Saturday, September 11, 2021

Masters Swimming Competition Returns in Scotland

“Everyone’s loved it here – it’s been great. It’s good to be back and see some familiar faces” Eddie Riach, Chair of Masters Committee

Our first competition for Masters swimmers, the Scottish National Open Short Course and Senior Age Group Championships at Tollcross International Swimming Centre, has been a huge success with 1072 entries for 229 adults representing 63 clubs and spanning age groups from 18 to 79.

Commenting on the event Eddie Riach, Chair of the Masters Committee said “Everyone’s loved it here – it’s been great. It’s good to be back and see some familiar faces”

With 52 entrants in the 18-24 category alone, Masters swimming has attracted swimmers who have given up mainstream swimming and are keen to keep within the sport.

Robert Bryce age 27 "When I graduated and got a job it was so manageable to do 4 to 5 training sessions a week in the evening and have a life and have a job which was easier than the 10 sessions I used to do when I was younger.

Robert swims with Aberdeen Dolphin who won the team trophy with 420 points just ahead of Silver City Blues with 419 points. 

Eddie Riach added “I’m looking at the Aberdeen Dolphin team - they are having a great time and they are turning out some fantastic swims. I mean a 50 second 100m Freestyle at a Masters event in Scotland is impressive and there were two of them.

“What I would say to young swimmers is keep in touch with Scottish Swimming because you have swimming for life. What you have learned as a child will stay with your life and whereas the knees can sometimes go for runners, swimmers will have the ability to get exercise for the rest of their life and could have a really long, positive journey ahead of them.”

Speaking to siblings David, Sarah and Michael Smith who swim for Aberdeen Dolphin, David commented,

“I prefer Masters to Age Groups as there is less pressure, everyone is nice and friendly and speaks to each other from other clubs.”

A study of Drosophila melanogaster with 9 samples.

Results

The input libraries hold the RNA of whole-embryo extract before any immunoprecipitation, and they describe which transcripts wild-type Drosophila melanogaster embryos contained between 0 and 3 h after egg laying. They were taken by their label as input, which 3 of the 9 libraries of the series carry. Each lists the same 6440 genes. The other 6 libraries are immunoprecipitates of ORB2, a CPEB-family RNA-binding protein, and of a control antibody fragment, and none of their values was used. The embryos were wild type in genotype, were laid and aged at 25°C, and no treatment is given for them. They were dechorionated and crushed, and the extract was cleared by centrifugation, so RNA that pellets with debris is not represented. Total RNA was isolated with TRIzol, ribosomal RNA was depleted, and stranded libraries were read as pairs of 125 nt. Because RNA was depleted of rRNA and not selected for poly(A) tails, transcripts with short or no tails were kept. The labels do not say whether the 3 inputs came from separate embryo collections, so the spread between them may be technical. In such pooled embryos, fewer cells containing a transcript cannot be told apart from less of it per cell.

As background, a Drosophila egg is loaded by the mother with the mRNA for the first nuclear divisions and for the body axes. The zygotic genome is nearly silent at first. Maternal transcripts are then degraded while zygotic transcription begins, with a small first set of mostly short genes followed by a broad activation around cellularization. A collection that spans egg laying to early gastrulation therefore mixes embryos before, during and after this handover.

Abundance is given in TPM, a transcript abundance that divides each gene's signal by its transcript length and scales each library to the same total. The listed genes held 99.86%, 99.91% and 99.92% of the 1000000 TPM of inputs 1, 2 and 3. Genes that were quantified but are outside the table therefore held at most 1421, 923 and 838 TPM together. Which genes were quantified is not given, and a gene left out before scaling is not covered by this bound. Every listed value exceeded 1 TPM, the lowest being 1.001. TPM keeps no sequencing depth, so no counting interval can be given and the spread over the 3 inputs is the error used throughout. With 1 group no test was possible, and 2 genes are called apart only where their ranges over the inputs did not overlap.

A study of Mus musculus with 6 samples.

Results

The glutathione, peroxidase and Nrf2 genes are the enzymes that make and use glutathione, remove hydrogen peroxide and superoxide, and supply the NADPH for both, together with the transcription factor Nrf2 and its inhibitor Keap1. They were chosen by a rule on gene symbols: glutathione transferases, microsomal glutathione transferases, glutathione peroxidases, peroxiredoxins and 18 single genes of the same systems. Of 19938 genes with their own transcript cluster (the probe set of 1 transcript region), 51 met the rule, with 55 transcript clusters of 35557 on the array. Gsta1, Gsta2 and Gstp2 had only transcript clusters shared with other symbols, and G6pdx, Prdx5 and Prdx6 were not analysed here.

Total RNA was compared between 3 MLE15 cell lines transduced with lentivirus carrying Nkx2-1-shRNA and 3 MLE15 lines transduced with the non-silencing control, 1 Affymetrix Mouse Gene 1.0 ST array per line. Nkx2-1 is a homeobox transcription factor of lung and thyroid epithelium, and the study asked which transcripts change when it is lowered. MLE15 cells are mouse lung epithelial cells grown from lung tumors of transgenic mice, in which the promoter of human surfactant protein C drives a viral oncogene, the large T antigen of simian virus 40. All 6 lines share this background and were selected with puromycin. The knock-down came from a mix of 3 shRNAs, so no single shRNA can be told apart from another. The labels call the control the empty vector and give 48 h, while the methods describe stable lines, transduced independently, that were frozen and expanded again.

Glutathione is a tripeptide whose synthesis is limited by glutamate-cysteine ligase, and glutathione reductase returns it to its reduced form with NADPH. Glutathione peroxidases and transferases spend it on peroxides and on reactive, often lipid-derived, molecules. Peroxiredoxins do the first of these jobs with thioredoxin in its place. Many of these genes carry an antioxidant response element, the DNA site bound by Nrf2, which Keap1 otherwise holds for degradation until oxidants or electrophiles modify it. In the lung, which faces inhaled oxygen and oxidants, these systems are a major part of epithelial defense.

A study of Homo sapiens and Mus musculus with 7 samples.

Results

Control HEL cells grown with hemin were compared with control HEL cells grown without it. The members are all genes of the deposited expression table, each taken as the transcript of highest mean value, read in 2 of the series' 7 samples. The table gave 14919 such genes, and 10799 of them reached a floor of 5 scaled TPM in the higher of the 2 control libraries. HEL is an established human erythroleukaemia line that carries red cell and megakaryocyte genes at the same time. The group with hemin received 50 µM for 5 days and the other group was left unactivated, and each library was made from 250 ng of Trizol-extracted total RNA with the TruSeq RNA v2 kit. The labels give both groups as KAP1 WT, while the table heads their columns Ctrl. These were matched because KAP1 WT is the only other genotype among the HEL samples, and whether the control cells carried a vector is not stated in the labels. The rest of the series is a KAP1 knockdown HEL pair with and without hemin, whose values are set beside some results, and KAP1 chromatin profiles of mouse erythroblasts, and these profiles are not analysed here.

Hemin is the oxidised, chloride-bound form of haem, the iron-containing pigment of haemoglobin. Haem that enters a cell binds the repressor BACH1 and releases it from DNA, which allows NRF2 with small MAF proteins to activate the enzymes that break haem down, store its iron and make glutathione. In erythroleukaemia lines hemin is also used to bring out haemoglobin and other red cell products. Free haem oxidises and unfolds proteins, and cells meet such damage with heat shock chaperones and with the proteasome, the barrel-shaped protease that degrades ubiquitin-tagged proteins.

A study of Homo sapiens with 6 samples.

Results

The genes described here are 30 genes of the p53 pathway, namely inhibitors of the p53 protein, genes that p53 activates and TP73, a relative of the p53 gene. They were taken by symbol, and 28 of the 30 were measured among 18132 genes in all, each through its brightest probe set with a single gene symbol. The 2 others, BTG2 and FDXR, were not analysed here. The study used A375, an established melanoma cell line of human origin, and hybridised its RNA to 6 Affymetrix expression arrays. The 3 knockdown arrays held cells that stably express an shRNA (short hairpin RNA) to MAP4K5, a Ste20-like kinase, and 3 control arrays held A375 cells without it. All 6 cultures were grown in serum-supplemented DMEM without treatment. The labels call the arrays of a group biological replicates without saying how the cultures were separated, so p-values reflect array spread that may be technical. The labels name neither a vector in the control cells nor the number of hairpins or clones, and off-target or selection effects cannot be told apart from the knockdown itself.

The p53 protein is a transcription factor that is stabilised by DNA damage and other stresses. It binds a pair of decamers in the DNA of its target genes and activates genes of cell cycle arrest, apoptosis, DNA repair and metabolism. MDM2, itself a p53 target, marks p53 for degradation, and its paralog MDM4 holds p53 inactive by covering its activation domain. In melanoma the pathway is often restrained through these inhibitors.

Sarah said, “It’s so inspiring to see older people swim as fast as they do. I love Masters – it’s so much more relaxed. Everyone’s doing it because they love it. It’s really good to see people enjoying themselves.”

We also spoke to the oldest entrant, former Commonwealth Games swimmer Sandy Galletly age 79 who swims for Warrender Baths Swimming Club. Sandy, who had to pull out of this weekend’s event because of getting a battery replaced in his pacemaker, is testimony to the fact that swimming is for life and came along to the event for the social side of Masters swimming which is just as important as the competition.

Sandy commented “I’m a swimming addict, I enjoy keeping myself fit and it’s a blow that I could not swim this weekend but I have come along to see my friends. I’ve never missed a Scottish Masters event.

“Scottish Swimming were the first to introduce younger age groups at Masters events and I think it’s a great thing as there’s a lot of great kids and talent that could otherwise be lost to other sports because of the pressure and there are some fantastic times being posted at this event.”

With a number of Scottish records broken over the two days it’s been great to see swimmers back racing again.  While competition is not the choice of all Masters swimmers, those that choose to compete have a whole host of opportunities.

Eddie commented

“In terms of the competitive side of Masters, especially if you go down to England you could have a Masters event every weekend and maybe even a choice. Some may want to move to national level competition, you can swim at European level, World level and compete at the US Masters too. You can choose to dip in and out of competition too – there are so many pathways and opportunities. For all those competing this weekend there are probably the same number not competing so the social side of Masters is really important.

“Fun, Fitness and Friendship really spells it all out. We are missing the ceilidh which we haven’t held due to Covid protocols but the clubs are still able to socialise and the social element is probably the main anchor for many Masters swimmers.”